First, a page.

How We Learned to Love Impeachment


You can give the GOP one thing: they remained consistent. When Clinton was elected President, the Anti-Clinton Echo Chamber sprung into existence: “I hate this man, this man is despicable, he must be removed.” In the years following the election, the echoes seemed so real that Clinton’s enemies, namely one Richard Mellon Schaife, a noted philanthropist, embarked on “The Arkansas Project,” a full-time venture devoted to digging into Clinton’s past in an attempt to destroy him. The fine work of this organization vomited forth Paula Corbin Jones and those Arkansas state troopers who swore up and down they played escort boys to Clinton’s sexual appetites, and who it turned out, later recanted their stories.

The Anti-Clinton Echo Chamber continued to grow unabated though, taking on the appearance of Ezekiel’s wheel gone beserk, consuming everything in its path. “If we hate the President so much,” the charge reverberated, “surely everyone else must.” As the Monica Lewinsky scandal broke in early 1998, the volume was turned up and the long-dried juices of a pointless, expensive investigation by Kenneth Starr were reinvigorated. The Anti-Clinton Echo Chamber lives!

The power of this magnificent device carried GOP members to convince themselves that THIS WAS IT. The Holy Grail of destroying William Jefferson Clinton had been found in the roly body of a Jewish ex-White House intern. (Baptists were saying, “See! We knew it!”) Now the public would understand what the Machine had been trumpeting all along: that Clinton is evil, that he is mad, that adultery and possibly lying about it under oath were worse crimes than living with nuclear weapons or selling arms to Iran.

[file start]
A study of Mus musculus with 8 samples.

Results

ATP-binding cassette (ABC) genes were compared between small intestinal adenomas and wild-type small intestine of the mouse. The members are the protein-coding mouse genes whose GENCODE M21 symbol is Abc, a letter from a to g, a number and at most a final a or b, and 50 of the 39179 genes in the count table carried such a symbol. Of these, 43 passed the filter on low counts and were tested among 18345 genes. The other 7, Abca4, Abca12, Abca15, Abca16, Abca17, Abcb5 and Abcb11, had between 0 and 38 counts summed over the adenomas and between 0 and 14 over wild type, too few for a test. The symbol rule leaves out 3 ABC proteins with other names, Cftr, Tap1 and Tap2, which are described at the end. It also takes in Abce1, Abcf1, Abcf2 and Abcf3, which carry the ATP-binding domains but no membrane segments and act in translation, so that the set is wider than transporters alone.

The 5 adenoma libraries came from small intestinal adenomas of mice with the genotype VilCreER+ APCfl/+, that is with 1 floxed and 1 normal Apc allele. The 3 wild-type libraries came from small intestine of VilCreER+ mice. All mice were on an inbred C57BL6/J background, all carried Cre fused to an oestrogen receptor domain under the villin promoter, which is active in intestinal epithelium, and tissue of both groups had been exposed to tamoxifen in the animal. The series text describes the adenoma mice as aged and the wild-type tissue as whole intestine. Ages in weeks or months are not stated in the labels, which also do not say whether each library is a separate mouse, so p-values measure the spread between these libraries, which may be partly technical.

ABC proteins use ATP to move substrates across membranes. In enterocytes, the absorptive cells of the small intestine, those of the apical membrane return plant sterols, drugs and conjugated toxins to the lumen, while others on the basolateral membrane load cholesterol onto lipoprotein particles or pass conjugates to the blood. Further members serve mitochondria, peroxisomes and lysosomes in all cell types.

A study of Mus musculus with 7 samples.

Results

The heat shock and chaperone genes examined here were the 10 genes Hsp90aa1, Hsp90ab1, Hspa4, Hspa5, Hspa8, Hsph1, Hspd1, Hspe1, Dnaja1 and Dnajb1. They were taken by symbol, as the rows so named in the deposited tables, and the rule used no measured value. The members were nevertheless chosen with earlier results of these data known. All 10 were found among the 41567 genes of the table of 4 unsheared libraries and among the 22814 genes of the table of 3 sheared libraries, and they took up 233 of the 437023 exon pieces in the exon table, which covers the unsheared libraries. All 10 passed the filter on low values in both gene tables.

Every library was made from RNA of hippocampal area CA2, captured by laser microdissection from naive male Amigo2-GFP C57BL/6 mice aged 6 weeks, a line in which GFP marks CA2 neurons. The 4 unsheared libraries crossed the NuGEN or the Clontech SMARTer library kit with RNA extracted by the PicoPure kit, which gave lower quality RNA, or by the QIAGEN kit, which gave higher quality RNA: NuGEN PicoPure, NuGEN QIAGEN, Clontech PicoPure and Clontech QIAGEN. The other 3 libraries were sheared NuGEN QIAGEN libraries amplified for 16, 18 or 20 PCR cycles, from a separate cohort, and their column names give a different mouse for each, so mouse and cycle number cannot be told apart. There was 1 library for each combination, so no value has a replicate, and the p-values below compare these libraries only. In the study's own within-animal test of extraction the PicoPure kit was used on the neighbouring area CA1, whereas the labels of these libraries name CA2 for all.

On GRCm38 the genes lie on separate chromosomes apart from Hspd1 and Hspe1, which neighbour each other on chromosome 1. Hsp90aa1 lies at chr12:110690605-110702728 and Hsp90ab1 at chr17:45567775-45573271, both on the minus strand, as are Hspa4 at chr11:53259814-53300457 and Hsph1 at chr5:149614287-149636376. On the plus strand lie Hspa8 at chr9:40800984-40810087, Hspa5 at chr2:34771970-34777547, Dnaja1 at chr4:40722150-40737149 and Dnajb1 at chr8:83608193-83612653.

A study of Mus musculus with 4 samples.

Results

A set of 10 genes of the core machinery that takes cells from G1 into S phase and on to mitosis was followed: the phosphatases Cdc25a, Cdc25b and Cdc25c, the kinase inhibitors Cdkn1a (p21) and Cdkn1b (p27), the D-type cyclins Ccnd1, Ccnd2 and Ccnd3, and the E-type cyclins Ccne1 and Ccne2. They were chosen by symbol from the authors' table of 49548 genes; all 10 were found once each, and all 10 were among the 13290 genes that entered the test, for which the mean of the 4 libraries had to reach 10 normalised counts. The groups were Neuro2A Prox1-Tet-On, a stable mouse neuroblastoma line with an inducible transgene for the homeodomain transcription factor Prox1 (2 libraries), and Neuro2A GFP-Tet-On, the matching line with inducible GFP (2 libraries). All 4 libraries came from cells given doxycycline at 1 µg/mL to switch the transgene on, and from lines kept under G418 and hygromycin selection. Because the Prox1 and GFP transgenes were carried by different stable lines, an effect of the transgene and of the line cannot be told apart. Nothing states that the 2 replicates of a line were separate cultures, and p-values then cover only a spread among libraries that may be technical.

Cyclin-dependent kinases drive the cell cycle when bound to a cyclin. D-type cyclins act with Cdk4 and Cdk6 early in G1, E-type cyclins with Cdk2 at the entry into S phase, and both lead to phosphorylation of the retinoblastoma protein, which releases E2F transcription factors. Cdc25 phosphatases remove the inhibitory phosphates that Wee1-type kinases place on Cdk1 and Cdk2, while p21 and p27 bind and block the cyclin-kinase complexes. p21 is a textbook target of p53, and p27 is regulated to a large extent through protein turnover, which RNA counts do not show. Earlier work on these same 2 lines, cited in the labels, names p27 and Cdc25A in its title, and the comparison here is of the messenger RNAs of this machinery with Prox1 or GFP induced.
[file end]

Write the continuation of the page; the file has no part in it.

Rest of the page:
But the public just didn’t get it. The drama of testimony, presidential apologies and finally impeachment for actions stemming from a private affair jaundiced the body politic. The pubic had made up their minds; Clinton is a bad boy, but not a bad president. Leave enough alone.

The public misjudged the Machine though, just as the GOP had defiantly dismissed the public. The siren song of the Machine had proven itself to be an accurate barometer of just How Evil Clinton Really Is, and if people didn’t get it, too bad. In a weird sense, the GOP acted like so many of the country’s milita-survivalist haters of democracy, who are willing to blow up federal buildings and kill innocent people, because in every conflict, there are those who must die for the greater good. So in this vein, the GOP was willing to sacrifice public opinion for the greater good of removing Clinton. And damn the public to hell if they couldn’t recognize what was for their own good.